It's usually that trademark/masterpiece/most-likely-to-end-up-on-a-postcard painting from the artist’s career that's conjured up in the ol’ noodle. So when I say Roy Lichtenstein, you say...Whaam!

This painting is probably the best known of Lichtenstein’s very long and prolific career. He churned out these oversized comic book numbers for as long as he could, and then some. Though some say Roy was one of the geniuses of the art world, there’s a fair number who call him a plagiarist. It’s because he didn’t do much besides blow up pre-existing images and modify them only slightly. Here’s the original for Whaam!, which comes from a 1962 issue of DC Comic’s All-American Men of War. I’ll let you guys decide from there whether he deserves to be called the P word or not. There are critics who say that he did the comic book artist a favor with this copy, because Lichtenstein’s way is bigger, better and way more effective. His version does in fact appear more explosive and violent with its thicker fiery flames and all emphasis on just that one onomatopoeic sound, WHAAM! instead of both WHAAM and WHOOSH.

Lichtenstein’s choice of war comic images may have had something to do with the fact that he had been a soldier in the U.S. army when he was around twenty years old. He never made it to actual combat, so he could’ve been making up for that with the paintings. He said he chose such images because they seemed macho and manly, and this was his tongue-in-cheek way of critiquing that masculine stereotype. It was also probably a reaction to the very macho movement of Abstract Expressionism championed by Jackson Pollock’s drippy, gestural strokes. Pop artists like Lichtenstein were kinda turned off by that whole gimmick and in response, Lichtenstein created a technique in which there was no evidence of the artists “hand”. Super controlled and mechanical compared to the acrobatics of guys like Pollock.

Whaam! was picked up by the Tate Gallery in London in 1966, for a measly £3,940 (around $10,000). Quite a steal for the Tate, because recently one of Lichtenstein’s works was auctioned off for about $43 million (!!!). Not all the Tate trustees were thrilled about this risqué purchase back in 1966, but they’re probably thanking their stars that they didn’t get their way. And they’re probably making a sweet penny in gift shop sales too…chalk one up for the Tate!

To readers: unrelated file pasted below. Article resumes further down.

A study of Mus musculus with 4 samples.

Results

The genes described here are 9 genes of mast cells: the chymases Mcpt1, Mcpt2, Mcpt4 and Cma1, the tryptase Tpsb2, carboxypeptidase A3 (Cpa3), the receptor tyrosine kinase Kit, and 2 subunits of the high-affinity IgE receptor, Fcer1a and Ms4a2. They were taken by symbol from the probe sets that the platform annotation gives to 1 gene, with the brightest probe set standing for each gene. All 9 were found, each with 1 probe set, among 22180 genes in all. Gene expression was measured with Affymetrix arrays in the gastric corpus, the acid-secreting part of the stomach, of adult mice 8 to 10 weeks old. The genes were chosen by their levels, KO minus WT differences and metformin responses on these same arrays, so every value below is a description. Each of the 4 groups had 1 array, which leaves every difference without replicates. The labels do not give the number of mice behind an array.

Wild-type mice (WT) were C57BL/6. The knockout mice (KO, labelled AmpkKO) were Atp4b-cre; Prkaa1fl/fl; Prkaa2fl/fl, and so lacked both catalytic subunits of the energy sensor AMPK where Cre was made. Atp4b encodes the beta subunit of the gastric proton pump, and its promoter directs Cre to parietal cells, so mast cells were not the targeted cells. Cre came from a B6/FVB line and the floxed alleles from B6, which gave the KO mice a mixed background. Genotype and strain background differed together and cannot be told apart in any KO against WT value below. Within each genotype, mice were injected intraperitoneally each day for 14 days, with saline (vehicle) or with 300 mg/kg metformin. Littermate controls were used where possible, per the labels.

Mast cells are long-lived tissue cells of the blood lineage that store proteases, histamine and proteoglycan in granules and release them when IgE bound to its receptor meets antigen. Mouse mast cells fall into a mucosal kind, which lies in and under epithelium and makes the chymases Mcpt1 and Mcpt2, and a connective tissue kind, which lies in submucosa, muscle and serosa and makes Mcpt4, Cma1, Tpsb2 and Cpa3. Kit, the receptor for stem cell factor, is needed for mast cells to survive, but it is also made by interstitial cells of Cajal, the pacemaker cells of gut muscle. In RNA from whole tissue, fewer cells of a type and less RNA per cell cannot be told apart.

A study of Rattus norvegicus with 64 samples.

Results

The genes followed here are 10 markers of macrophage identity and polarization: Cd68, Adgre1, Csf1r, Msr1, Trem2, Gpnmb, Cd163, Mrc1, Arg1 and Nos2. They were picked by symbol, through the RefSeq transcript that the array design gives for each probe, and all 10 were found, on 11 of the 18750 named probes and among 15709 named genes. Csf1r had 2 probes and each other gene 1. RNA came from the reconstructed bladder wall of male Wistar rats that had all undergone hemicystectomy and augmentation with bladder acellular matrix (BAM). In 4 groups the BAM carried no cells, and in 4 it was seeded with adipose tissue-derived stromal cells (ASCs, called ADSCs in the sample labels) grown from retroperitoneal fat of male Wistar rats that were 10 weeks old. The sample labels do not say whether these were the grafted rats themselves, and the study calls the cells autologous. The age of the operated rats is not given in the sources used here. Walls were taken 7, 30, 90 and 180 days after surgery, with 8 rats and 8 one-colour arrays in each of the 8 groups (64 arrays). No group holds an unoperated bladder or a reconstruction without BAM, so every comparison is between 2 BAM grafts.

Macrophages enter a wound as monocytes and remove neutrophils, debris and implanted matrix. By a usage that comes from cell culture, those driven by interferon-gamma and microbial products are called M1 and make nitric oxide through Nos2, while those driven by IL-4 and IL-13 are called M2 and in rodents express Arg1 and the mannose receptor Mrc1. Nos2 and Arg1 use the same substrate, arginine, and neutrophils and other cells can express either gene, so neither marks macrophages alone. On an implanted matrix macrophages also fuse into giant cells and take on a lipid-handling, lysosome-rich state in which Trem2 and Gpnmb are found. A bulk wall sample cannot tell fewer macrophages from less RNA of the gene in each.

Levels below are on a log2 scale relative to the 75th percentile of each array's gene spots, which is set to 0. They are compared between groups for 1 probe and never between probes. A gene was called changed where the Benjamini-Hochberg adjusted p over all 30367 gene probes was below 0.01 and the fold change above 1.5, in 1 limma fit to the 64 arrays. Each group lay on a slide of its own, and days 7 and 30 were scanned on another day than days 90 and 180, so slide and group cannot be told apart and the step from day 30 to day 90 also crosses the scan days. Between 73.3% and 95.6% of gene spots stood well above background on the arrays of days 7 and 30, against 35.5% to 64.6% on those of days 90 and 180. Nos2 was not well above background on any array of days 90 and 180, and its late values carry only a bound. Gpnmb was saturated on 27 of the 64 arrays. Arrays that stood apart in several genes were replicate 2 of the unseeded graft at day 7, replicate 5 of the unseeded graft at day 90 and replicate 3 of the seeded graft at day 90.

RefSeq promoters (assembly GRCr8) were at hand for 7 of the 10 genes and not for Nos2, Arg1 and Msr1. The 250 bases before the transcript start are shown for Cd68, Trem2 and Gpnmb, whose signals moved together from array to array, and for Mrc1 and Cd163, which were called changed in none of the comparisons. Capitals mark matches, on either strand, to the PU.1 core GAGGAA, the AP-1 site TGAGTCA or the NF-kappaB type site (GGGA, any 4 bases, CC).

Whaam! is a 1963 diptych painting by the American artist Roy Lichtenstein. It is one of the best-known works of pop art, and among Lichtenstein's most important paintings. Whaam! was first exhibited at the Leo Castelli Gallery in New York City in 1963, and purchased by the Tate Gallery, London, in 1966. It has been on permanent display at Tate Modern since 2006.

The left-hand panel shows a fighter plane firing a rocket that, in the right-hand panel, hits a second plane which explodes in flames. Lichtenstein conceived the image from several comic-book panels. He transformed his primary source, a panel from a 1962 war comic book, by presenting it as a diptych while altering the relationship of the graphical and narrative elements. Whaam! is regarded for the temporal, spatial and psychological integration of its two panels. The painting's title is integral to the action and impact of the painting, and displayed in large onomatopoeia in the right panel.

Lichtenstein studied as an artist before and after serving in the United States Army during World War II. He practiced anti-aircraft drills during basic training, and he was sent for pilot training but the program was canceled before it started. Among the topics he tackled after the war were romance and war. He depicted aerial combat in several works. Whaam! is part of a series on war that he worked on between 1962 and 1964, and along with As I Opened Fire (1964) is one of his two large war-themed paintings.

Check out the full Wikipedia article about Whaam!.